Industry Knowledge

Identifying Corrosive Water, A Step Forward Against Lead Contamination
Oct 14, 2016

Without a doubt, the biggest story in the world of water treatment this year has been lead contamination. Since a state of emergency was declared in Flint, MI, last year, the public and water quality professionals have been on high alert for the contaminant and have found it in communities from coast to coast.

Nearly every instance can be traced to a single cause. When corrosive water passes through the nation’s network of lead drinking water pipes, it brings the poisonous substance into homes with it. It’s not known exactly how many of the country’s pipelines consist of lead, but it’s now apparent that a significant portion of its water is corrosive.

A study of 27,000 wells nationwide conducted by the United States Geological Survey (USGS) demonstrated that 25 states have groundwater with high or very high potential to be corrosive. 

This first national-scale study was prompted by the contamination in Flint, which can be traced back to a decision by government officials to switch water supplies to a more corrosive source, a principal investigator of the study told Water Online.

“The USGS study relied on groundwater quality data collected by the USGS as part of various studies [from 1991 to 2015],” an investigator said. “The USGS relied upon two indicators of corrosivity that had been previously reported on in literature. Values of the indicators were computed at all locations where the USGS had sufficient data. Maps were then prepared and data were summarized on a state-by-state basis.”

The USGS map indicates one of four levels for potentially corrosive groundwater for every state, from low prevalence to very high prevalence. States at risk stretch down the East Coast from Maine to Florida, travel through the south to the Texas border, and include Washington, Oregon, and Hawaii.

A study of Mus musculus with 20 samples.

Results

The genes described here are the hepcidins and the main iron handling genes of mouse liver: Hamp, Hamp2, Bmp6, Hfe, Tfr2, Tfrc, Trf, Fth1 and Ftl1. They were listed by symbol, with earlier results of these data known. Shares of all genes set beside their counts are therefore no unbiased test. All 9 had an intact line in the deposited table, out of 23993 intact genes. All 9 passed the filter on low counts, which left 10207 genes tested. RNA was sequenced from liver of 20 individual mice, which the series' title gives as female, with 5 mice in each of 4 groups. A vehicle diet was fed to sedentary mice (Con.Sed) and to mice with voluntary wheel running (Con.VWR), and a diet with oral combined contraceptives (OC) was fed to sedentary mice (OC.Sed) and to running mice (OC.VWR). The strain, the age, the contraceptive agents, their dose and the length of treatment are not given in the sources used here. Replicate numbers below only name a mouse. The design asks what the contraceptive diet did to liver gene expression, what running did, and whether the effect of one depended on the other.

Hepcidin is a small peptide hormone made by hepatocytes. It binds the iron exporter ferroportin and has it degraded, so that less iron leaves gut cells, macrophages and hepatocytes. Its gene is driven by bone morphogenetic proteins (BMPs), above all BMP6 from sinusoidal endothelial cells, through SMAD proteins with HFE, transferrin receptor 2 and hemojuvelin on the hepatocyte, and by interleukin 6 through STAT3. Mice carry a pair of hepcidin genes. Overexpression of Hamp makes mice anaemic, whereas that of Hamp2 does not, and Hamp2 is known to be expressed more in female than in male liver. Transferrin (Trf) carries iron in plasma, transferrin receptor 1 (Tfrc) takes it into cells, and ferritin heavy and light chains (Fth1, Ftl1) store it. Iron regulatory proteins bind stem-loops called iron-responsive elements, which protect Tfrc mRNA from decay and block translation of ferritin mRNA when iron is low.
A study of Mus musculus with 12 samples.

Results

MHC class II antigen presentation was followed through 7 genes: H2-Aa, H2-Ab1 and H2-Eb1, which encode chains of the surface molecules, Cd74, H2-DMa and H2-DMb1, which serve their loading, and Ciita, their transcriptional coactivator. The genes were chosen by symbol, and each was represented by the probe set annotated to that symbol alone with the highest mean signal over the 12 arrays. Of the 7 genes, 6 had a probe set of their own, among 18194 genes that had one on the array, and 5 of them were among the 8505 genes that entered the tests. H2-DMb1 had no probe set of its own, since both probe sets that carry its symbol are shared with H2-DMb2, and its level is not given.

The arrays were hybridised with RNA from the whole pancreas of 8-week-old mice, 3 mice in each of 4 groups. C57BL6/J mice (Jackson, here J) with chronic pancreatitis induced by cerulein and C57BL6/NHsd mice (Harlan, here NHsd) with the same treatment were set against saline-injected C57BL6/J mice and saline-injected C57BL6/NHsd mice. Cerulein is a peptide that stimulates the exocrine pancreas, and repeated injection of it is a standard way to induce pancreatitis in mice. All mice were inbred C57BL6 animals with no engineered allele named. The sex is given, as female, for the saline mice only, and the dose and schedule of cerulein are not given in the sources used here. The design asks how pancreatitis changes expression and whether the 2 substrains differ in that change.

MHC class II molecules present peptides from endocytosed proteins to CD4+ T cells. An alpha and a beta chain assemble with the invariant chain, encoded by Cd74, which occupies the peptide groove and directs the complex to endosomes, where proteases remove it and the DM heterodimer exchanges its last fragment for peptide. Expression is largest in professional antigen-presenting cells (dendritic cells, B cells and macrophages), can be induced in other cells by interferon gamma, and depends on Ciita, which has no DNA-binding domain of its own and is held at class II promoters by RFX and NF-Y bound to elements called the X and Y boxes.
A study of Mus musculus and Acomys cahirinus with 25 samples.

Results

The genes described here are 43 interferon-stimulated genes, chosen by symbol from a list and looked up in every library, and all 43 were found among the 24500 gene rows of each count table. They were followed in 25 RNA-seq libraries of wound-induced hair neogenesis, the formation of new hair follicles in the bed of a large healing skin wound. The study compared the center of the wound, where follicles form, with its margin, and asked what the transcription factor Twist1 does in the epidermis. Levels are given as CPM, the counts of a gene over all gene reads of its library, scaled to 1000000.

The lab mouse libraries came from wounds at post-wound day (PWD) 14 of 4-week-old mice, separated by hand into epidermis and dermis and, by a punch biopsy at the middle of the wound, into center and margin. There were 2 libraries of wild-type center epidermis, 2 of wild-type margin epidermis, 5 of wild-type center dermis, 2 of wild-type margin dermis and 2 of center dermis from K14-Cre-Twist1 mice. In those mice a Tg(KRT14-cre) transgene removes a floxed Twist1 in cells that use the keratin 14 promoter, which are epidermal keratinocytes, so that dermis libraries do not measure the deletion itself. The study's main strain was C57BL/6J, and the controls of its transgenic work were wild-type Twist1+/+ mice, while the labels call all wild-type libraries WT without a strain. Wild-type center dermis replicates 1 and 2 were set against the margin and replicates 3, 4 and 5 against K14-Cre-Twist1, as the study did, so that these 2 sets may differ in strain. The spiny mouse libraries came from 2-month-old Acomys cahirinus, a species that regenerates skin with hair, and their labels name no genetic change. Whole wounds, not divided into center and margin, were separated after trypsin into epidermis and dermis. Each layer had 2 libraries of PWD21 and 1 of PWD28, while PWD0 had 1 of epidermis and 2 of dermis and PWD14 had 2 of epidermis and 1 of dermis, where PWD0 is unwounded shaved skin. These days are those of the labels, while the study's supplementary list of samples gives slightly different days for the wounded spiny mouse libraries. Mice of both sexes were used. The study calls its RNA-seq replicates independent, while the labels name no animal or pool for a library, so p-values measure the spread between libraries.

The two indicators used to determine what water can be considered “potentially corrosive” were theLanelier Saturation Index, measuring the degree of saturation of calcium carbonate, and the Potential to Promote Galvanic Corrosion, based on the chloride-to-sulfate mass ration and alkalinity.

While the maps resulting from this study will be particularly helpful to those who depend on private wells that don’t have government-appointed guardians testing them for lead, public water utilities and treatment plants that do regularly test can glean some useful information as well.

“Managers of public utilities might find the maps helpful in understanding the characteristics of untreated groundwater in their areas as compared to other areas,” an investigator said.

Municipal water operations that find they do pull corrosive groundwater need to consider a variety oftreatment strategies.

As a scientific information agency, the USGS does not make explicit recommendations about risks that it detects or information it uncovers. This study, however, provides background information necessary to combat a problem that we are all too familiar with.

“Our intent is to provide relevant, reliable information about this topic at a broad scale,” said an investigator. “Interested individuals, organizations, and water suppliers can use this information in considering whether to undertake additional investigations about the quality of their source water. As warranted, they can work with appropriate local, state, and federal partners to ensure safe drinking water supplies.”